LETTER FROM WASHINGTON*
“Why is he coming here?”
“Doesn’t he realize he’s being used by the Americans?”
“At most he’ll get more promises, a few arms, and meaningless gestures a la Reagan Plan.”
“Fahd’s coming here is a serious blunder. It’s not dignified. I don’t know how his advisers justify it.”
This is what more skeptical Middle East journalists and specialists are privately saying in Washington today.
King Fahd’s impending visit to Washington, his first since becoming king of Saudi Arabia an the first in eight years for a Saudi monarch, is highly controversial, both back home in Riyadh and in the U.S. capital where pro-Arab constituencies wonder how long Arab leaders will kowtow to an administration which has turned even-handedness, which it never really was, into an unabashed pro-Israeli posture. The U.S. green light for the rape of Lebanon, the pro-Phalange intervention by U.S. forces, the aborted 17 May Israeli-Lebanese peace agreement and the security pact, and now a free trade zone between the U.S. and Israel, are what the Arabs have received from Ronald Reagan’s Washington.
The great irony is that even in the face of repeated humiliations most of the Arab regimes favored Reagan’s re-election. They did so with a combination of naïveté and false hopes. Naiveté in thinking that a second-term president would be freer to act in the Middle East and that anyway Walter Mondale would be even worse; naiveté in thinking that the Israeli operatives and pro-Israeli conduits who are intimately involved in Reagan’s Washington – and there are more than even scattered throughout this administration – would allow the president to change the plotted course. And false hope in thinking that this Wizard of Oz president has any serious comprehension of why his embassies are being attacked, why there is growing alienation from the U.S. among the Arab masses as well as the intellectuals, and why his stance toward Israel has totally bankrupted the embryonic peace process begun at Camp David in 1978.
The last time the Arab world faced a U.S. administration possessing anywhere near this degree of blindness about the imperative for movement towards a just peace was back in 1971. It was Anwar Sadat who understood that only the shock therapy of military action could possibly force the U.S. to change course and take Arab concerns seriously. Sadat then conducted himself brilliantly in forcing Washington to confront his own agenda, only to trip in a fatal fall when Jimmy Carter whispered in his ear that if only Egypt would sign the separate peace all would work out in Jimmy’s second term. Also standing up to be counted was King Feisal of Saudi Arabia who after President Nixon upped aid to Israel to $2.2 billion ordered an oil embargo against the U.S.
Now in 1985, when there has never been such a pro-Israeli and anti-Arab president if Reagan is judged by what he does rather than what he says, the current king of Saudi Arabia is coming to Washington. The fear is that his visit may unwittingly buttress the U.S. course. No doubt there will be the pro forma statements about Palestinians, resolution 242, peace and stability; no doubt the king will remain dignified no matter how much he is slighted; no doubt Reagan will throw out a few bones about reviving his Reagan Plan in the hope that he can slip through the next few years by feeding the Arabs scraps of illusory hope. But a visit of this kind at this time cannot produce anything but drama. Words without realpolitik actions will only result in more words from this administration. If the Saudis have not learned this much in the past few years they are more than naïve.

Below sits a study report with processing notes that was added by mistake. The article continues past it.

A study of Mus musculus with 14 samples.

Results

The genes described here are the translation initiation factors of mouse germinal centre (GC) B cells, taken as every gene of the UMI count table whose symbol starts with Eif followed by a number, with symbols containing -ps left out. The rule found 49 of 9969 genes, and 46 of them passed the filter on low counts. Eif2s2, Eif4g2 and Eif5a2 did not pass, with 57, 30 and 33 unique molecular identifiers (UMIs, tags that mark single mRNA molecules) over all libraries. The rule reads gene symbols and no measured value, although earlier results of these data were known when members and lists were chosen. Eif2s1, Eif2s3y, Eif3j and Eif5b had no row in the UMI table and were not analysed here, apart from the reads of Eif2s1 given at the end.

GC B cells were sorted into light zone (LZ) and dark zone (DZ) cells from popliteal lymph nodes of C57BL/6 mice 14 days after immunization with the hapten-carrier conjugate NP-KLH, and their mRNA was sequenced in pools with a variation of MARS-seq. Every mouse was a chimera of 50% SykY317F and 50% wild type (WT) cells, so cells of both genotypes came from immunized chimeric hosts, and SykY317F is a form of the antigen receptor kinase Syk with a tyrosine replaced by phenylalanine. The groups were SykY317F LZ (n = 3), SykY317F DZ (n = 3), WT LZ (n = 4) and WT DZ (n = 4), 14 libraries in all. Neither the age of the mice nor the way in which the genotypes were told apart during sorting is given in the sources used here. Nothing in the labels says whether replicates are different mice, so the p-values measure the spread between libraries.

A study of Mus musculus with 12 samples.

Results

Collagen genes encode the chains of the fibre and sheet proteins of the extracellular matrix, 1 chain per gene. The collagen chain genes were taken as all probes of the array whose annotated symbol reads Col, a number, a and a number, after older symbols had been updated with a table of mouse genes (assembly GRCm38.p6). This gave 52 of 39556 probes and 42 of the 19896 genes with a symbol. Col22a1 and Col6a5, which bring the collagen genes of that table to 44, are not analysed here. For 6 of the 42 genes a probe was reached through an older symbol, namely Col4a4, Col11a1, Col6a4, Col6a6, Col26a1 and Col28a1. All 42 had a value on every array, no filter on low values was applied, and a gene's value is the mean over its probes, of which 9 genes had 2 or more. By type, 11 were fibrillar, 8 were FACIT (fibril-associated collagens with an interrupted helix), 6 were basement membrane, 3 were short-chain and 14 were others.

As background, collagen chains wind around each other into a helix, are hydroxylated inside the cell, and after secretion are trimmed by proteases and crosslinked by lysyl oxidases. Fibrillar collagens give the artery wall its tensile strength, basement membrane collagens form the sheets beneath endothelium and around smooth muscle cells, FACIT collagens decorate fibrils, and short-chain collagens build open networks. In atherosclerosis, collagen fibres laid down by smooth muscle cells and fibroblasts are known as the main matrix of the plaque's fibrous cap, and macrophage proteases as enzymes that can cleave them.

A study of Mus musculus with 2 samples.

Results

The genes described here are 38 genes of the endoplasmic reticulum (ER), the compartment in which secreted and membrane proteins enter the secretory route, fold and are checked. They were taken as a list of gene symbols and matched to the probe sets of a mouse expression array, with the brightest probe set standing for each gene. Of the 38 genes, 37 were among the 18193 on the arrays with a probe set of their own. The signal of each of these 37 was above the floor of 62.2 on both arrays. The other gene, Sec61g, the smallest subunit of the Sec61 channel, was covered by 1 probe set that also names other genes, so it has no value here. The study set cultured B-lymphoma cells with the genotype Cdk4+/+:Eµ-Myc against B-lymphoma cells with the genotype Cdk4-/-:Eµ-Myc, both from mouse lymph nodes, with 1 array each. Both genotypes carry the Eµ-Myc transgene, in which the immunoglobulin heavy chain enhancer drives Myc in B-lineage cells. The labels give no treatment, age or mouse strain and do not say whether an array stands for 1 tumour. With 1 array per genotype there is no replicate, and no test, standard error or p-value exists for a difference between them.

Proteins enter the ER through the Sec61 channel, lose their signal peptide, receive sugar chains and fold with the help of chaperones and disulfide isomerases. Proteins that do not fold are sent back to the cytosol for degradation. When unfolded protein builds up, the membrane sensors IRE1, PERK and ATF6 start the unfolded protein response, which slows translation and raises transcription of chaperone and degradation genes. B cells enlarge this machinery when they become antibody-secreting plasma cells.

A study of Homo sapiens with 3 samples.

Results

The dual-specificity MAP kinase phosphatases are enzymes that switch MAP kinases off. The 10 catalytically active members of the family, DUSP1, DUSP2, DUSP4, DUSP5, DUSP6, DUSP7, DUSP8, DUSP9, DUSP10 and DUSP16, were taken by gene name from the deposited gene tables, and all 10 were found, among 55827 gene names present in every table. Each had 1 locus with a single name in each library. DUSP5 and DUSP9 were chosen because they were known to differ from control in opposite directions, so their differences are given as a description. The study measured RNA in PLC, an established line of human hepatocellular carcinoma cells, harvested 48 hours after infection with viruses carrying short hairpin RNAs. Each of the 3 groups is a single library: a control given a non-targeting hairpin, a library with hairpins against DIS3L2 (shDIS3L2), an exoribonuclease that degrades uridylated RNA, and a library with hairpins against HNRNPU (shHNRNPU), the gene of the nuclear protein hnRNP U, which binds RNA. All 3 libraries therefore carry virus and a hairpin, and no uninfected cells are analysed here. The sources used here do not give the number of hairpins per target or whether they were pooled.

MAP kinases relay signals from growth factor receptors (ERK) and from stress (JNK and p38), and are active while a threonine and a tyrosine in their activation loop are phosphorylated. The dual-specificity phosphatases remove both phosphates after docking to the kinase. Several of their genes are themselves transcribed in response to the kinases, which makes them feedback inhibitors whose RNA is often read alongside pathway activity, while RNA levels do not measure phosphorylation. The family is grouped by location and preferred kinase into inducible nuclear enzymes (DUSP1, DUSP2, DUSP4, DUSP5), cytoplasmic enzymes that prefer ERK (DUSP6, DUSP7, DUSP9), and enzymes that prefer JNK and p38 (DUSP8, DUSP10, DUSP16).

And now the Arab Hajj season has begun, to quote another of the skeptical Arab journalists in Washington. The city is about to become the political Mecca for Arab leaders making their pilgrimage to the seat of the empire to be dined (but not wined), pampered, and ceremoniously given just about everything except justice, hope, and a future they can live with.
The Saudis are doing all they can to emphasize the regional issues that will be discuss by Fahd and Reagan – stability in the Gulf, containment of Iran, something for the Palestinians. But the Americans and the pro-Israeli manipulators of opinion are pulling in the opposite direction, dong all they can to put roadblocks in Fahd’s way, to make him focus on strictly bilateral issues, even to force him to beg for a few weapons – which in the case of Saudi Arabia are actually paid for by someone other than the American taxpayer. It appears Reagan’s handlers are manipulating things so that if some arms sales do go forward sometime this year the Saudis will be relieved. It is the old game of “we want to help you, but Congress won’t approve”. And behind the scenes it is the Israelis who are doing the most to orchestrate events, to get more aid for themselves from a captive Washington.
“Saudi king may cancel trip if U.S. refuses arms sales,’ headlines The Washington Times on 29 January. “The king will look like a fool if he comes…they’ll pat him on the head, say few nice things about his anti-communism and send him off empty-handed”, said one former diplomat quoted by the paper. But most Washington analysts think the trip is on, for good or bad, come what may, and that once again the Americans will humble the Arabs while festing them. Mark A. Bruzonsky Washington, DC
* This “Letter from Washington” was prominently published on the back page of MIDDLE EAST INTERNATIONAL (London) on 8 February 1985; and as a result many Saudi subscriptions to MEI were canceled and substantial additional pressures were brought upon MEI to cease and desist from such “unhelpful” articles. MEI rmains today one of the main English publications used by the Saudis for their own propaganda purposes in Europe; and “Washington Report on Middle East Affairs” is the publication the Saudis helped create and subsidize in the USA.